Ethiopia revokes press credentials of New York Times reporter
ETHIOPIA has revoked the press credentials of a foreign journalist working for the New York Times, according to the newspaper and an Ethiopian official.
The Times said in an article today that Simon Marks, an Irish national who reports for it and other publications, had his credentials revoked by the Ethiopian Broadcasting Authority in early March, after returning to Addis Ababa from the Tigray region, where he had interviewed civilian war survivors.
“Last week, after appeals by The Times were declined, the head of the Ethiopian Broadcasting Authority confirmed Mr. Marks’s accreditation had been cancelled at least until October,” The Times article read.
It was “deeply disappointing” that Prime Minister Abiy Ahmed, a Nobel Peace Prize recipient, would try to silence an independent press, said New York Times assistant managing editor for international Michael Slackman.
“We encourage the government to rethink this authoritarian approach and instead work to foster a robust exchange of information. It can start by reissuing Mr. Marks’s credentials and freeing any journalist being detained,” Slackman said in a statement emailed to Reuters late on Thursday.
Abiy’s office said it was not responsible for granting or revoking press accreditation.
“Any attempts to directly link it to the Prime Minister is undermining national institutional processes,” Billene Seyoum, Abiy’s spokeswoman, told Reuters in a text message.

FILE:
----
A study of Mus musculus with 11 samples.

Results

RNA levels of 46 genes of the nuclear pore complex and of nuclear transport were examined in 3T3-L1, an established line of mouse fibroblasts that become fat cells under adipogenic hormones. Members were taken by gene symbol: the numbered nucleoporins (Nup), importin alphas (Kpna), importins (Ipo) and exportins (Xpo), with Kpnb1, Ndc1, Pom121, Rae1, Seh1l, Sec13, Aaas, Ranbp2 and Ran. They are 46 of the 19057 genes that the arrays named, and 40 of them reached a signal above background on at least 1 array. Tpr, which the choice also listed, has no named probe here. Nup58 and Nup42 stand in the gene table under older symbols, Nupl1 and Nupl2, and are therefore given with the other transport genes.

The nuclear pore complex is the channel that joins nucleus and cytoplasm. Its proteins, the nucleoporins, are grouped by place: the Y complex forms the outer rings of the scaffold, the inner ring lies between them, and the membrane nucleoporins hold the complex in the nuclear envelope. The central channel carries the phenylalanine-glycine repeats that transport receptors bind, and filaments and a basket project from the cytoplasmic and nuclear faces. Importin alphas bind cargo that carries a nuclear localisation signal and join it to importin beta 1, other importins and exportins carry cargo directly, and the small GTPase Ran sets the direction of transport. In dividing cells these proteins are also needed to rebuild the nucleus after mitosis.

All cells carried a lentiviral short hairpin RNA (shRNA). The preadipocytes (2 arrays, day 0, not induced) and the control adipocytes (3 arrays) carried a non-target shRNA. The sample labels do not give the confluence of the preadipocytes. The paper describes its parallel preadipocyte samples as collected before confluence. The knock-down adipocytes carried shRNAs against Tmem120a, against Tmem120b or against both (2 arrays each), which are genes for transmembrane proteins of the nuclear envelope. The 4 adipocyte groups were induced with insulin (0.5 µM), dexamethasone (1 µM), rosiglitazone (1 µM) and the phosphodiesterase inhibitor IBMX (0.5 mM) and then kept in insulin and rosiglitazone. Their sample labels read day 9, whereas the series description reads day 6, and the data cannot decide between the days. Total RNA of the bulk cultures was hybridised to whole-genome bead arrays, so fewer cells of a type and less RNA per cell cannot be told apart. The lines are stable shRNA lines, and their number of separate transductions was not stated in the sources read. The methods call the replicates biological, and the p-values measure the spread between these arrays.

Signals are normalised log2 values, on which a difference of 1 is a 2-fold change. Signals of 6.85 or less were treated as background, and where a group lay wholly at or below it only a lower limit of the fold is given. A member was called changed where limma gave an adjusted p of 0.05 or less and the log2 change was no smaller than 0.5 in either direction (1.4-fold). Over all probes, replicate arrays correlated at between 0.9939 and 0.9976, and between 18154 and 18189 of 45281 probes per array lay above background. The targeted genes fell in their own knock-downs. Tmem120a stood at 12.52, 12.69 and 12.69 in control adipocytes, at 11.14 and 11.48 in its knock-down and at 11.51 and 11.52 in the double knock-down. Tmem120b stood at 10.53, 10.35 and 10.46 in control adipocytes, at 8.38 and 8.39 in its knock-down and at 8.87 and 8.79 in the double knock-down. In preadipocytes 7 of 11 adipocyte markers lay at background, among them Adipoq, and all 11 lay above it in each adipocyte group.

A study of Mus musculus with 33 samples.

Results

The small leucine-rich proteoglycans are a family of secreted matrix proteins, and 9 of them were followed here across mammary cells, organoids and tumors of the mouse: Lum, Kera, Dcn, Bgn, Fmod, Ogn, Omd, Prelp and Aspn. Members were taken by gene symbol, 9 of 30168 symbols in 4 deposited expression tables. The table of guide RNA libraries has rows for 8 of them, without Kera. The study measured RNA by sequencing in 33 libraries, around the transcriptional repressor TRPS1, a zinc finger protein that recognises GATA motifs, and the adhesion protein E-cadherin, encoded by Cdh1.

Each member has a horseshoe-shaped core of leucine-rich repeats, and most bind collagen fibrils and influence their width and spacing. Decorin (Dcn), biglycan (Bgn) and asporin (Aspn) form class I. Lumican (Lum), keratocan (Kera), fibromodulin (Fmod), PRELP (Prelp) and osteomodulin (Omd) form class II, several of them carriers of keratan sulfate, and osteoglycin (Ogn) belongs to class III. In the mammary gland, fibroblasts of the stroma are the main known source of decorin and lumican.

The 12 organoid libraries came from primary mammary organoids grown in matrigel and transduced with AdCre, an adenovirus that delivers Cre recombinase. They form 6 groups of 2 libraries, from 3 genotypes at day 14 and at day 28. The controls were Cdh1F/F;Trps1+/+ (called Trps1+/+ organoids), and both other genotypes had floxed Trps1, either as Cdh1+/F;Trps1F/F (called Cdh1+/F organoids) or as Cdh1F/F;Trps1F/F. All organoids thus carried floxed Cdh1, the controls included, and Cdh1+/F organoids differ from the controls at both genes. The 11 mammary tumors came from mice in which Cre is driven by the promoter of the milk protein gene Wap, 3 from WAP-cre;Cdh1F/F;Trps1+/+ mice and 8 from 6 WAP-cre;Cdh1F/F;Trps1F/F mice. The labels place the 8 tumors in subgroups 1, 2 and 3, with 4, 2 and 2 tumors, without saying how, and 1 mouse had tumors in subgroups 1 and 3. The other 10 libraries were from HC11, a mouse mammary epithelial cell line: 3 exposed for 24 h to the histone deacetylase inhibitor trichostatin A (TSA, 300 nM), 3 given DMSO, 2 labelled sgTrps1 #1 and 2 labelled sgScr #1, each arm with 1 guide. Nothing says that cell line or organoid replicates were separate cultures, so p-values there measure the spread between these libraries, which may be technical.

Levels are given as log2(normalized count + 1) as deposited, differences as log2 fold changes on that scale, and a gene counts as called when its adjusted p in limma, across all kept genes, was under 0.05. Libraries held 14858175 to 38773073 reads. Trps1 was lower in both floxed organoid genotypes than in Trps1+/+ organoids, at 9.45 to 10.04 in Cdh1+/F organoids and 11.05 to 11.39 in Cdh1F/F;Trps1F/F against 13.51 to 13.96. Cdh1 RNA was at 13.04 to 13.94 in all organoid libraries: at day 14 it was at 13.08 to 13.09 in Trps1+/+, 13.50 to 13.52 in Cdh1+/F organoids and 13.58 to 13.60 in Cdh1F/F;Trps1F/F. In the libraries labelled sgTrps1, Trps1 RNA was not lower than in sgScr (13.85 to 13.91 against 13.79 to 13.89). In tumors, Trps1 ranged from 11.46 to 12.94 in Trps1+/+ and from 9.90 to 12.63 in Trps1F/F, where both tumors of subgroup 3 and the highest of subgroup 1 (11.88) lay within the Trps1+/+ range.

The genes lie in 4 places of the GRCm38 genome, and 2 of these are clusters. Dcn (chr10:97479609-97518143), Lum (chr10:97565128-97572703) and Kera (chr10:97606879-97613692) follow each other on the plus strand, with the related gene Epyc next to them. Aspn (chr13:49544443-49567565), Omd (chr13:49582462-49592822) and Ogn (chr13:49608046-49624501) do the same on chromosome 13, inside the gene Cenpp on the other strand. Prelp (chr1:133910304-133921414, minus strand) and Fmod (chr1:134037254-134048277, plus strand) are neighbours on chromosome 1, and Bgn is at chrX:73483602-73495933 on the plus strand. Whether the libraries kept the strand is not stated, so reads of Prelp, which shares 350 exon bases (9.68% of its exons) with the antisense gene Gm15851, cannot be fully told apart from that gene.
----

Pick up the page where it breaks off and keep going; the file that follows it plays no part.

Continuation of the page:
The director general of the Ethiopian Broadcasting Authority, Mohammed Edris, told Reuters that Marks’s licence was revoked before he became head of the authority, and his predecessors had said the decision was based on “unbalanced reports” by Marks.
Mohammed said that after he took up the position, Marks asked him to reconsider but, due to approaching elections next month, he is busy with other issues. “What matters is the big picture,” Mohammed said.
“We don’t have a problem with the New York Times, we don’t have a problem with the media, the issue is an individual issue.”
Abiy has overseen sweeping reforms since taking office in 2018, including the unbanning of more than 250 media outlets and release of dozens of journalists. Abiy’s 2019 Nobel Peace Prize citation included praise for his “discontinuing media censorship”.
But since the Ethiopian military launched an offensive in November in the northern Tigray region after regional forces attacked its bases there, international media watchdogs say that Abiy’s government has cracked down on the media with arrests and obstruction of independent media covering the conflict.